Most of this week’s Autumn Statement stories have focused on UK debt and Brexit uncertainty – definitely important topics – but between the headlines there are some potential positives for the UK’s construction industry… as long as you’re not in a hurry to see them actioned.

Philip Hammond’s announcement includes three substantial pots of money to help with new developments across the country…

The largest commitment is to set aside £2.3 billion for a Housing Infrastructure Fund. The idea is to help smooth over objections to planning applications for major developments by covering some of the costs of building better roads and utilities. Quite often, residents object to new houses on the grounds that the existing infrastructure will struggle to cope with a larger population.

The Government also intends to release £1.7 billion to accelerate development on publicly owned land in partnerships with private developers. The idea behind this move is to release brownfield sites in areas where housing demand is high.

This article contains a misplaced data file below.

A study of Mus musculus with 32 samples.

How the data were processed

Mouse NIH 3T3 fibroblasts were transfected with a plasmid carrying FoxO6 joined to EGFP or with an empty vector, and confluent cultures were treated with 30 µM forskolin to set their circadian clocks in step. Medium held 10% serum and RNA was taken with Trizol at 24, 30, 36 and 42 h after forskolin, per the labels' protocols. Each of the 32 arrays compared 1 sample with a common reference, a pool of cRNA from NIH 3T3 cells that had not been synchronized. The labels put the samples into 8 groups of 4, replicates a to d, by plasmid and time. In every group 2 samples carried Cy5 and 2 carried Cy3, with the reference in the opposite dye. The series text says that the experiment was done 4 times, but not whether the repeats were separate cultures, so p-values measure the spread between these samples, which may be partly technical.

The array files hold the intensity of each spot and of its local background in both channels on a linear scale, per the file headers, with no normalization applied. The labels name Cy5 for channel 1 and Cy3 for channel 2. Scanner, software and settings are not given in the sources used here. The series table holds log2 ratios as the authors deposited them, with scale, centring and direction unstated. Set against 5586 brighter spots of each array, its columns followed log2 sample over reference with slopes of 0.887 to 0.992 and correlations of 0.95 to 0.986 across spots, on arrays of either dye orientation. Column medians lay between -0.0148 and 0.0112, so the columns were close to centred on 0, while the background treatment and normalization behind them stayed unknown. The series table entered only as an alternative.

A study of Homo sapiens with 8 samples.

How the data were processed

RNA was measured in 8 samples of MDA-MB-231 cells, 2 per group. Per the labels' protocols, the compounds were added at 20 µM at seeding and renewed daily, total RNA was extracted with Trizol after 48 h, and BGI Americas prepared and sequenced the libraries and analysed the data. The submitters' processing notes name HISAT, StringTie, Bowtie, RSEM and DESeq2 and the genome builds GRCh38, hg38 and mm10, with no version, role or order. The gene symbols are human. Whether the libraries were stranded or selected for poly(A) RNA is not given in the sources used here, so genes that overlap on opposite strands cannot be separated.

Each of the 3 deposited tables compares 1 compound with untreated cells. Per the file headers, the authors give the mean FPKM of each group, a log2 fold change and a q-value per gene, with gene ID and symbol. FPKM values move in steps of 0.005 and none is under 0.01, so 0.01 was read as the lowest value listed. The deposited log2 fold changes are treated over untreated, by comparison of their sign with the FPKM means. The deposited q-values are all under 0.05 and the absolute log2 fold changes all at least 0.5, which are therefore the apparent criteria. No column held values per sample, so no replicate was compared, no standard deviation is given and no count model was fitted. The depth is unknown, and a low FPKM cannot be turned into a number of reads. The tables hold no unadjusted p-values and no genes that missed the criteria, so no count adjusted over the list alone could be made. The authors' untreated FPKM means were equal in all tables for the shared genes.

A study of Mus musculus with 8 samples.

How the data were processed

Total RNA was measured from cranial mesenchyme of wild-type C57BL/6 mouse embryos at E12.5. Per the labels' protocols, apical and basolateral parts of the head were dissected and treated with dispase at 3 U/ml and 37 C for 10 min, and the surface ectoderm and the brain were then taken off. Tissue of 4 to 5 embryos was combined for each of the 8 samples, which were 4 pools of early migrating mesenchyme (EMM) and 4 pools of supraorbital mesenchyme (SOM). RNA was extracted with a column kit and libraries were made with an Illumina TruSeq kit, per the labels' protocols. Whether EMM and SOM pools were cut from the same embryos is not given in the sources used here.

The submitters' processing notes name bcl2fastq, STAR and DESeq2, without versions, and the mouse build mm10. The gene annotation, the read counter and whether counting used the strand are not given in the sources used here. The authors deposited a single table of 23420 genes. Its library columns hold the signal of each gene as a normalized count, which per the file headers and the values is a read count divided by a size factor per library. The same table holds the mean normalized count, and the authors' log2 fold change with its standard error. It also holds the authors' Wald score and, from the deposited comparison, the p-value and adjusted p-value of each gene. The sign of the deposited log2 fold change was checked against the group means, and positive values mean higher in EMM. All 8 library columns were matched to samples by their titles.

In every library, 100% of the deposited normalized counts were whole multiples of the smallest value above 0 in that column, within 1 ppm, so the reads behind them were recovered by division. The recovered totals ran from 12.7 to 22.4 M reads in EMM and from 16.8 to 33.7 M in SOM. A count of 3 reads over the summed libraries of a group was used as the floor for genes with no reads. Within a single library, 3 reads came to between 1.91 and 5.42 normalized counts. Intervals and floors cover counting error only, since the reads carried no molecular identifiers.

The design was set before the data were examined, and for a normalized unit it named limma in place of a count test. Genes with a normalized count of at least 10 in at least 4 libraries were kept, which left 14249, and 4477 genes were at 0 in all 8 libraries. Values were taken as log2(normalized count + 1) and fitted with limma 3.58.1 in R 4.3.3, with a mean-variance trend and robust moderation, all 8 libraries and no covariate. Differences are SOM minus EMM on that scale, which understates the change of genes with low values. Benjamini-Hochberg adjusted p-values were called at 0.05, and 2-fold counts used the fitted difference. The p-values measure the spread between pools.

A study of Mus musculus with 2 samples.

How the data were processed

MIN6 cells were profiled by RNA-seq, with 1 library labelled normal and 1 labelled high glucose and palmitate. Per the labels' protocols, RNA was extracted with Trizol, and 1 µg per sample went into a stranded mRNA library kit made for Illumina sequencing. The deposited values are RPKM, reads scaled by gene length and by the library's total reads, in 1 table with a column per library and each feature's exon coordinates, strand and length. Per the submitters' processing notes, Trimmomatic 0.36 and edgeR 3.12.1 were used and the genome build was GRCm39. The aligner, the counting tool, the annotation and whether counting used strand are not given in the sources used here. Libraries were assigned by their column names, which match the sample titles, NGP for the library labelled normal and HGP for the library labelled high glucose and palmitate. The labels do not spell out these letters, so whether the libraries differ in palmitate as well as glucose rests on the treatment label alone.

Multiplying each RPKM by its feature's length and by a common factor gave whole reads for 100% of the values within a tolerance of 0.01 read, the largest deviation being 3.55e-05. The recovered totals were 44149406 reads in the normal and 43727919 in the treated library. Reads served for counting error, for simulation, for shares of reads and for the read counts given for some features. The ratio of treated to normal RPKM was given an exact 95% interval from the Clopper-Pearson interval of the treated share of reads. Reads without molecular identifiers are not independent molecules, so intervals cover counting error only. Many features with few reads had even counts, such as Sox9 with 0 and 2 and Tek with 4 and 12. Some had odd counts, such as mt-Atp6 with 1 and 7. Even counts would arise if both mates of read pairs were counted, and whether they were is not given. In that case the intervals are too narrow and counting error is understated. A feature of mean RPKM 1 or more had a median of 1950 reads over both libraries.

And a further £1.4 billion is going to be used to build 40,000 new affordable homes. This should go some way towards bridging the UK’s housing shortage – some estimates put our housing demand at 300,000 new homes a year.

This money isn’t going to be spent immediately – most of the plans are scheduled for 2020 – and many developers are continuing to raise concerns about the planning process, availability of building materials (in particular blocks and insulation) and a lack of specialist skills in the industry – all topics which haven’t been addressed by this Statement.

It’s impossible to predict how much of an impact these announcements will have by the time they’ve filtered down onto real-life building sites. The proposal of a housing white paper should put some meat on the bones and help us understand how the money is being given out, where in the country, and to who.

 

https://www.gov.uk/government/news/autumn-statement-2016-some-of-the-things-weve-announced

 

Stuart Clark

Author: Stuart Clark

This article was published by Stuart Clark on 24.11.2016.